New times bring new rules. In payments industry, these rules are distributed across various regulations each company or institution must strictly follow. The challenging regulations such as GDPR and PSD2 will certainly put fintechs and financial institution through many hoops but will ultimately help them prevent fraud and thus protect consumers.

Open Banking

The second Payment Services Directive (PSD2) is part of a global trend in payments regulation emphasizing security, innovation, and market competition. It seeks to further harmonize the payments market in the EU, make electronic payments and remote account access more secure, and enhance consumer protection. It also requires banks to provide other qualified payment-service providers (PSPs) access to consumer account data and to initiate payments.

The phrase ‘Open Banking’, used as a pseudonym for the Directive, is a system that provides a user with a network of financial institutions’ data through the use of application programming interfaces known as APIs. The Open Banking Standard defines how financial data should be created, shared and accessed. Benefits include more easily transferring funds and comparing product offerings to create a banking experience that best meets each user’s needs in the most cost effective way.

Retail banking has faced a number of disruptive threats in the past, but each time the traditional banks have adapted and grown stronger.

Neil Tomlinson, Head of UK Banking

However, it hasn’t been very well communicated to the public, so people could be put off by not being well informed.

Open innovation

With PSD2, more regulation was created to also stimulate the required innovation that must be compliant. The third party payment service providers, hereby, are invited to compete by creating innovative solutions.

Currently, the payment environment is seeing many new players and a range of innovative and tailored services being offered to consumers, the prime beneficiaries of these changes. Some banks are choosing to build up in-house innovation teams to ensure an advantage. Others, are opening up APIs to welcome external innovation. One particularly interesting star on the rise is the payment app Swish, which is currently the top fintech app in Sweden, built by a consortium of Nordic financial institutions. Their collaboration created a payment product that is now rivaling Swedish payment unicorns such as Klarna and iZettle.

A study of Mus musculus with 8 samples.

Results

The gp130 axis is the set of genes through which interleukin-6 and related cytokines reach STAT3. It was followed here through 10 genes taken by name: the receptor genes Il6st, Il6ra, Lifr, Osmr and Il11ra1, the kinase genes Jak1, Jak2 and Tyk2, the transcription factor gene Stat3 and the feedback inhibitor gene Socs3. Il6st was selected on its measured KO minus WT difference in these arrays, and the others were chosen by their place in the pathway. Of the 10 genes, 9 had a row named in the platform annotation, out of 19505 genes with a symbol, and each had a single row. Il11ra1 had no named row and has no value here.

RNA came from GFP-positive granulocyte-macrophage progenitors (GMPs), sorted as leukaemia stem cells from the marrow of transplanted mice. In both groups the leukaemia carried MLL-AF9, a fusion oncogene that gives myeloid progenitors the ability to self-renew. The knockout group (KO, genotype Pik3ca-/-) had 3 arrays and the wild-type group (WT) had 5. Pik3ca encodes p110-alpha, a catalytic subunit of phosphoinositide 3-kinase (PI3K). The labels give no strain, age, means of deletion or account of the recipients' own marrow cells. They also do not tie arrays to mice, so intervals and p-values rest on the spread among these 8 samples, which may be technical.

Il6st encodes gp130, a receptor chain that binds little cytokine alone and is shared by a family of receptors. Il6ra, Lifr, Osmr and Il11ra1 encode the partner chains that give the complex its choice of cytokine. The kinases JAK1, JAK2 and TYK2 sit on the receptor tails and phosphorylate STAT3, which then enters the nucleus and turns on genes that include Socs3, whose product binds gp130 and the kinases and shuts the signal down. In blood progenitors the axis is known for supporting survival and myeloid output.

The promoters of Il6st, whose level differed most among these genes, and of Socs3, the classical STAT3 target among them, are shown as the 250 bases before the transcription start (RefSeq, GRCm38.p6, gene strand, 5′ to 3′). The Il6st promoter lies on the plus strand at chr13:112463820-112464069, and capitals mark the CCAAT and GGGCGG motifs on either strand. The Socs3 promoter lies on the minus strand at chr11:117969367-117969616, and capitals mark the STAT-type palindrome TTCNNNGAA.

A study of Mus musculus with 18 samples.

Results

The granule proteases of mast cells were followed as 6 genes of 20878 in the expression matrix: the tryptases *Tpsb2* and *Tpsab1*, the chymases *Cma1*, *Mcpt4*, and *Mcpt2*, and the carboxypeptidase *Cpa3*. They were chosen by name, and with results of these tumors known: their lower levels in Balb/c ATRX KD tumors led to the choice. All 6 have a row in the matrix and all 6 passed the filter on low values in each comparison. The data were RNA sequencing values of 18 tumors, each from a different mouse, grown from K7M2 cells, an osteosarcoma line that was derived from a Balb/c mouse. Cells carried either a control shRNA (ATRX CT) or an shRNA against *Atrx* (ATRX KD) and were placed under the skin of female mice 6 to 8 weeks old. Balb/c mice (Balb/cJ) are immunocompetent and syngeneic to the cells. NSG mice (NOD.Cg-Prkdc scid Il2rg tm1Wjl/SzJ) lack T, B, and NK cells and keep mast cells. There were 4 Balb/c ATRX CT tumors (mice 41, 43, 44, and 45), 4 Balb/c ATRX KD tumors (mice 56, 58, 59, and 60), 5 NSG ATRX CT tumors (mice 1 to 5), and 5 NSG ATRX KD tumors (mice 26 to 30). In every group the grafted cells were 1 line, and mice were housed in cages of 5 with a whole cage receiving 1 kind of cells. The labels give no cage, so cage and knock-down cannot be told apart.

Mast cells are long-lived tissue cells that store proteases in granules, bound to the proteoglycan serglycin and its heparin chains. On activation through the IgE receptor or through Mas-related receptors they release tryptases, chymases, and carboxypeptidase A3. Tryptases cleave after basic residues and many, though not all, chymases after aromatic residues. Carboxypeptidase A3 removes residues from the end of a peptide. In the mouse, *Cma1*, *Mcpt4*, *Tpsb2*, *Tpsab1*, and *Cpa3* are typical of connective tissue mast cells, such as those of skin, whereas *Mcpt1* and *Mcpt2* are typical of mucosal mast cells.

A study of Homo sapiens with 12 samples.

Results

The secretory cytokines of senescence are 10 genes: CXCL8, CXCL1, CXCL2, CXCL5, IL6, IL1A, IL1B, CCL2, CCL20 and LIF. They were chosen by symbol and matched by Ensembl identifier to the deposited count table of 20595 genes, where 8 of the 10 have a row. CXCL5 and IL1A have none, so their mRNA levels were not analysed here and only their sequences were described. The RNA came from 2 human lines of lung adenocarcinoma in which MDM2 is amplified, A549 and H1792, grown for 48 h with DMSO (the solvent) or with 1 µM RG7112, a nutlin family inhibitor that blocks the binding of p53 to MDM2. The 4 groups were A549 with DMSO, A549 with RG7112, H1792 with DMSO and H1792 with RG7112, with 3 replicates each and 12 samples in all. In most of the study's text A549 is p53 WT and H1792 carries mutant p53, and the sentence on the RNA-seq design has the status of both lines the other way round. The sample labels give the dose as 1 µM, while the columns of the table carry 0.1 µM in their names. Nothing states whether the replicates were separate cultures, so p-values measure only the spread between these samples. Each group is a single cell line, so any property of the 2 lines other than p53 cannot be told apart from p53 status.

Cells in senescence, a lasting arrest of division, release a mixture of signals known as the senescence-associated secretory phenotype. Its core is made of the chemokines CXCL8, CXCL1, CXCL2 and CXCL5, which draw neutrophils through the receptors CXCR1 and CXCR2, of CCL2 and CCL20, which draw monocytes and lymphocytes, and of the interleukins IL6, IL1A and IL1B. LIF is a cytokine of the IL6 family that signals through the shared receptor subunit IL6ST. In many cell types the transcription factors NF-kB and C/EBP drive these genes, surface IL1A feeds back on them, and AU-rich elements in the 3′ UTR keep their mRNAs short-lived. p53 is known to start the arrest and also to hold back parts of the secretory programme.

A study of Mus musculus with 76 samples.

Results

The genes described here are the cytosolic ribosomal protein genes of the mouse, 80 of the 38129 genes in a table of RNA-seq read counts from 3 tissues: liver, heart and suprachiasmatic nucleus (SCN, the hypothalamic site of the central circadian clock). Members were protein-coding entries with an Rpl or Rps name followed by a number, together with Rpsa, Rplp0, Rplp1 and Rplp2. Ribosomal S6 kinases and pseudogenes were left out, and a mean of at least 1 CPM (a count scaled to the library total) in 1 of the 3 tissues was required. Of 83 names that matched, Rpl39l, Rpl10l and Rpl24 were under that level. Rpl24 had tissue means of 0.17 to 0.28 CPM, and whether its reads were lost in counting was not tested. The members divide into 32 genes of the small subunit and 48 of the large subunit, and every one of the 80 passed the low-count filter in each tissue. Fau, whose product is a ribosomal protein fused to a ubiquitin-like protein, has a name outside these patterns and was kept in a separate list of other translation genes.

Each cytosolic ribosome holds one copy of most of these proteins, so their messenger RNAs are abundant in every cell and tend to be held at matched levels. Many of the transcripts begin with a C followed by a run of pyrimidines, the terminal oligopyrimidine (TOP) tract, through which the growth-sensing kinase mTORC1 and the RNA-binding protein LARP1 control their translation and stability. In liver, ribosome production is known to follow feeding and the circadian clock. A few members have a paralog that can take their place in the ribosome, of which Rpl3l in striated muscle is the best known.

Also non-bank fintech companies are using this opportunity and thus seizing an increasing share of the financial services market and creating new markets through innovation.

Open data vs private data

The General Data Protection Regulation (GDPR) has been applied all European Union (EU) Member States since 25 May 2018.

While the definition of personal data has always been fairly wide, the GDPR is said to broaden it even further, bringing new kinds of personal data under regulation. The Regulation considers any data that can be used to identify an individual as personal data. For the first time, it includes, amongst other things, genetic, mental, cultural, economic or social information.

Therefore, no one’s information can be used without a valid and freely given consent. This means that people must have genuine choice and control over how others use their data. Additionally, under the GDPR, people have the right to withdraw that consent at any time – a rule knows as “The right to be forgotten”. This represents a fundamental data subject right in the Regulation, in and beyond the context of publicly available personal information.

GDPR will, ultimately, make businesses pay more attention to security and storage of personal data and if they don’t adhere, will receive very high penalties.

What changes for the consumers?

With the regulations PSD2 and GDPR in force, 2018 is turning into a year of important changes and are bringing security and control to consumers in a digital era.

PSD2, finally, improves the existing rules for electronic payments while GDPR gives people control of their personal data. While these regulations seek to put the consumer in the center, the truth is that computer systems in general have been designed with models that are very focused on transactions. Therefore, to comply with regulations, companies are currently adapting their processes and systems, and adopting an identity centric security model.

Nevertheless, the new system has the potential to upend the way people make payments and bank, disrupting the sector in the same way as media or retail.